JOHNSTON, Iowa — It was 31 years ago this month Desert Shield and Desert Storm conflicts were begun to get Saddam Hussein out of Kuwait. Last August, the Iowa Gold Star Museum opened an exhibit to the Desert Shield/Desert Storm and the War on Terror.
“This was the largest call up and reserve call up since World War II,” said Mike Vogt, curator of the Iowa Gold Star Museum. “Iowa guard units, Navy Reserve, Army Reserve, and Marine Corps reserve units all participated.”
The new exhibit has a troop carrier and a motorcycle and many items from that era, including a detailed map showing where all the troops moved to.
“Latter part of November, early December, we landed in approximately this area right in here, just gives you an overview of the entire operation,” said Joe Kuhns of Ankeny who served Desert Shield/Desert Storm.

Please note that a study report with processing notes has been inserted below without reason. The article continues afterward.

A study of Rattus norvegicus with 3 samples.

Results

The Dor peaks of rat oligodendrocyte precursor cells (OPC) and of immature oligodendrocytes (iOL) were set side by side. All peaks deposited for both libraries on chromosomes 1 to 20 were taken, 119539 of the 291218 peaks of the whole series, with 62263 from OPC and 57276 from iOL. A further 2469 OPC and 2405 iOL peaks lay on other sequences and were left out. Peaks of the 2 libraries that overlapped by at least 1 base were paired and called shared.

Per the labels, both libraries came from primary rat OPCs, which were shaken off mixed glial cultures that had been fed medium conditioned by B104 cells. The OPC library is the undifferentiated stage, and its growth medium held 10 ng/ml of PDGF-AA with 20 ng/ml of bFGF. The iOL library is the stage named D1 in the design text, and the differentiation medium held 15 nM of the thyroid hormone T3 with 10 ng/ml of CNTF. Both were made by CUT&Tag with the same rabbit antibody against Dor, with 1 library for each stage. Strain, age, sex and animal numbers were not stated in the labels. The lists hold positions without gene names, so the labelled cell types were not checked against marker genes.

Iowa soldiers helped with water distribution and transporting prisoners.
“We had huge bladders, 50,000 gallon bladders on the ground field full of water. We were supplying water to the French Foreign Legion in several different units,” said Kuhns.
“I joined as a mechanic and I also drove truck,” said Kevin Davis of Perry. “We hauled over 10,000 prisoners during that war, and we also logged over half a million miles in the war zone.”
Davis landed in the desert as a young kid straight out of his hometown of Perry, Iowa.
“We saw the streaks of light come across the sky which turned out to be patriot missiles knocking down Iraqi Scud missiles, and we saw a lot of that early on.”
The Gold Star Museum is open Tuesday through Saturday at Camp Dodge. You need a driver’s license or ID to get onto the base.